Most American parishes try to have some sort of outreach to their youths. Parishes are involved with LifeTeen, EDGE, or at least a sacramental preparation program. Almost all dioceses in America also try to offer youth rallies or events geared towards their youth. Every diocese has at least one Catholic school.
We know that youth ministry is important in the Catholic world. The popes promulgate such things as World Youth Day. We celebrate that canonization of teenagers and elementary-aged people as saints.
But in America, youth ministry is failing. Fewer and fewer youths are attending these programs or gaining any lasting benefits.
What can be done? In The Art of Forming Young Disciples: Why Youth Ministries Aren’t Working an What to Do About It, Everett Fritz identifies why youths are leaving, what the problems in American Catholic youth ministry are, and then offers a solution.
The goal of youth ministry, as Fritz postulates, is to formulate life-long disciples. His own youth ministry program was seemingly booming. But even though numbers in the program were good, the number of those teens who continued to practice the Faith once in college was low.
Read more: 5 Things I Learned as a Youth Minister
Here are the problems of American Catholic youth ministry as identified by Fritz:
1. The cultural problem
“This describes the cultural problem that teenagers face in the modern world. We expect them to learn to participate in the world of adults, but our culture has largely removed adults from mentoring roles with teenagers. As a result, teens are growing up in a peer-dominated culture. As they grow into adulthood, they have difficulty assimilating into the adult world and into the responsibilities and expectations that come with being an adult,” Fritz writes.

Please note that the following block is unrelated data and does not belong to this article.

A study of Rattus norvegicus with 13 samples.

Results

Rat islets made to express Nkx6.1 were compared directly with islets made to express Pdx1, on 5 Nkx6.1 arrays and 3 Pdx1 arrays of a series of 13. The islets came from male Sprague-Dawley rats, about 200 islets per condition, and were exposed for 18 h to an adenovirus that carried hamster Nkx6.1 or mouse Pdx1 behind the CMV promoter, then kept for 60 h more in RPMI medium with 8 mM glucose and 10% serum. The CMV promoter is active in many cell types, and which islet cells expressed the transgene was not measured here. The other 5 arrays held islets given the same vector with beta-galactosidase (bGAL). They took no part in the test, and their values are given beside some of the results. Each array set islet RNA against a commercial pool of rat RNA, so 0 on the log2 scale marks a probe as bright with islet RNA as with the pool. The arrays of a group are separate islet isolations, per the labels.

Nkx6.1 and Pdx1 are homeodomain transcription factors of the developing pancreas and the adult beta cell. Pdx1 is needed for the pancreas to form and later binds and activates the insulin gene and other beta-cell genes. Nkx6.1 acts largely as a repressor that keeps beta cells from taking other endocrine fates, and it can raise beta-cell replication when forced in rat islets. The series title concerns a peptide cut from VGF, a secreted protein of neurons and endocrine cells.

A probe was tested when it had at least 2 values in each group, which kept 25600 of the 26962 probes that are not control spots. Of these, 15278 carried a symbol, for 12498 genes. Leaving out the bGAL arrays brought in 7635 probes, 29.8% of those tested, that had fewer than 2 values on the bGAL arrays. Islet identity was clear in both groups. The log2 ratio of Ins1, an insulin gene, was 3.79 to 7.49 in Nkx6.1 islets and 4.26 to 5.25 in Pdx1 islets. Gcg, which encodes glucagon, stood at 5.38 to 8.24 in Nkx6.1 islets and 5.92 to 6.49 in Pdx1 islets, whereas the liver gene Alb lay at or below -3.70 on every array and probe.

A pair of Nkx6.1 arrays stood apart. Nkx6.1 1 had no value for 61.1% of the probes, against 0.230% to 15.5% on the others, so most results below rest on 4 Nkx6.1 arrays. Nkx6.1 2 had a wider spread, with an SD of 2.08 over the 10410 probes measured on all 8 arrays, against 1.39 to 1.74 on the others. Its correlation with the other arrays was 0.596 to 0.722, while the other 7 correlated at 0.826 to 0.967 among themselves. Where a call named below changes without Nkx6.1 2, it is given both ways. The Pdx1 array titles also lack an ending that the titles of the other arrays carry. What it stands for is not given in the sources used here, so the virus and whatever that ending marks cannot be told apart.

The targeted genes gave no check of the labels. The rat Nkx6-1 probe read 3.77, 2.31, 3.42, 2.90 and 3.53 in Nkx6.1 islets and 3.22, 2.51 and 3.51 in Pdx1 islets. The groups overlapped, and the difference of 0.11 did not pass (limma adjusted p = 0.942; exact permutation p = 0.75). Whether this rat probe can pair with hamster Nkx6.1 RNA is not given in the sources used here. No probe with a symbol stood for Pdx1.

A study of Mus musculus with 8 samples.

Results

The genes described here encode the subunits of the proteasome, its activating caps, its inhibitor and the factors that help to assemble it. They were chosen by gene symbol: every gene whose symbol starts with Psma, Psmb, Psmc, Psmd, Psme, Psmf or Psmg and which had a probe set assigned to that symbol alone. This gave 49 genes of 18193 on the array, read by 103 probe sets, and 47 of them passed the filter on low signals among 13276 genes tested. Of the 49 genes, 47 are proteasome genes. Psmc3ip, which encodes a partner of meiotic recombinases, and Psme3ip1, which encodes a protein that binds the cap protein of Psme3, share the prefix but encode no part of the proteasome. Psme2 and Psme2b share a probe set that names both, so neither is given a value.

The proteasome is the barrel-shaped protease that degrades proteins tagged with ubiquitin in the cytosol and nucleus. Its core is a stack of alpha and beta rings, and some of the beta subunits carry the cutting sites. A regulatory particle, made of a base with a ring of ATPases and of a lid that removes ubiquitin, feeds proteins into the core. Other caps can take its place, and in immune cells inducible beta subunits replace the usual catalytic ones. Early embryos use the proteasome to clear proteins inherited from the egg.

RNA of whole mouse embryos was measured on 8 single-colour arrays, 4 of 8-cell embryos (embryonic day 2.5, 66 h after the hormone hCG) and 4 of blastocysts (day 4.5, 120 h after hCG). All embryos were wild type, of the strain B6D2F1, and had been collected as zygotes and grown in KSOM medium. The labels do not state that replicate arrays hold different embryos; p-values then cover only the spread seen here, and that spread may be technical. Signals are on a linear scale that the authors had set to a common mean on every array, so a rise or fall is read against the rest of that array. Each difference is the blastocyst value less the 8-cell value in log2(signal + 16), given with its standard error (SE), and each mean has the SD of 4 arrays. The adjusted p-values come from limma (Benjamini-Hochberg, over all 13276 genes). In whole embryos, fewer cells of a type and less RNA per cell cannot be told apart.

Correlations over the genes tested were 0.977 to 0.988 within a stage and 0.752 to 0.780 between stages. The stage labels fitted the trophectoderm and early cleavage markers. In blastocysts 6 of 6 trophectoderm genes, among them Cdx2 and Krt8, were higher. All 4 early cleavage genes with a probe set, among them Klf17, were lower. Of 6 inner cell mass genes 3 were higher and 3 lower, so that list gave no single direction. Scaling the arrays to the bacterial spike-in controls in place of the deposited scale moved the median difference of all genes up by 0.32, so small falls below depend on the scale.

Fritz cites hard-and-fast sacramental prep requirements as something that burdens parents. These programs fail to meet the pastoral needs of teens.
Fritz also cites actively encouraging teens to go to a separate mass from their families (for youth masses) and have separate catechesis for parents and teens as reasons we suffer from division instead of benefiting from integration, understanding, and feeling welcome.
2. The parish youth group problem
The youth group model isn’t working. The youth activities at the parish model isn’t working. The parish religious education (classroom-style) model isn’t working.
Fritz points out that these models aren’t necessarily bad, just inefficient. “I believe that in the next ten years the Catholic Church is going to see the youth-group model of ministry become obsolete,” he writes. “This is not to say that we won’t see parishes utilizing youth groups. Catholic parishes tend to utilize models of ministry long after they’ve been determined to be ineffective. But I believe that the Church is headed for a consensus that the youth-group model of ministry is out of date.”
3. The Catholic school problem
Lack of orthodoxy and loss of Catholic identity are two of the main contributing factors to the decline of Catholic schools. This problem shows up both in enrollment and in forming disciples.
“As a youth minister, I always said I was more interested in what was happening in the hallways at school than in what was happening in the classrooms,” Fritz writes. “A Catholic school can have the best teaching methods, the best Catholic teachers, and the best curriculum, but without a student body focused on living their Faith (because they come from families that reinforce faith), the student subculture in the school will never be truly Catholic.”
But what about the solution to these problems? Fritz offers a twofold solution of small group discipleship and parent-focused youth outreach. Pick up his book The Art of Forming Young Disciples to read more about the issues the Catholic Church in America faces in youth ministry and what we can all do to help form young disciples.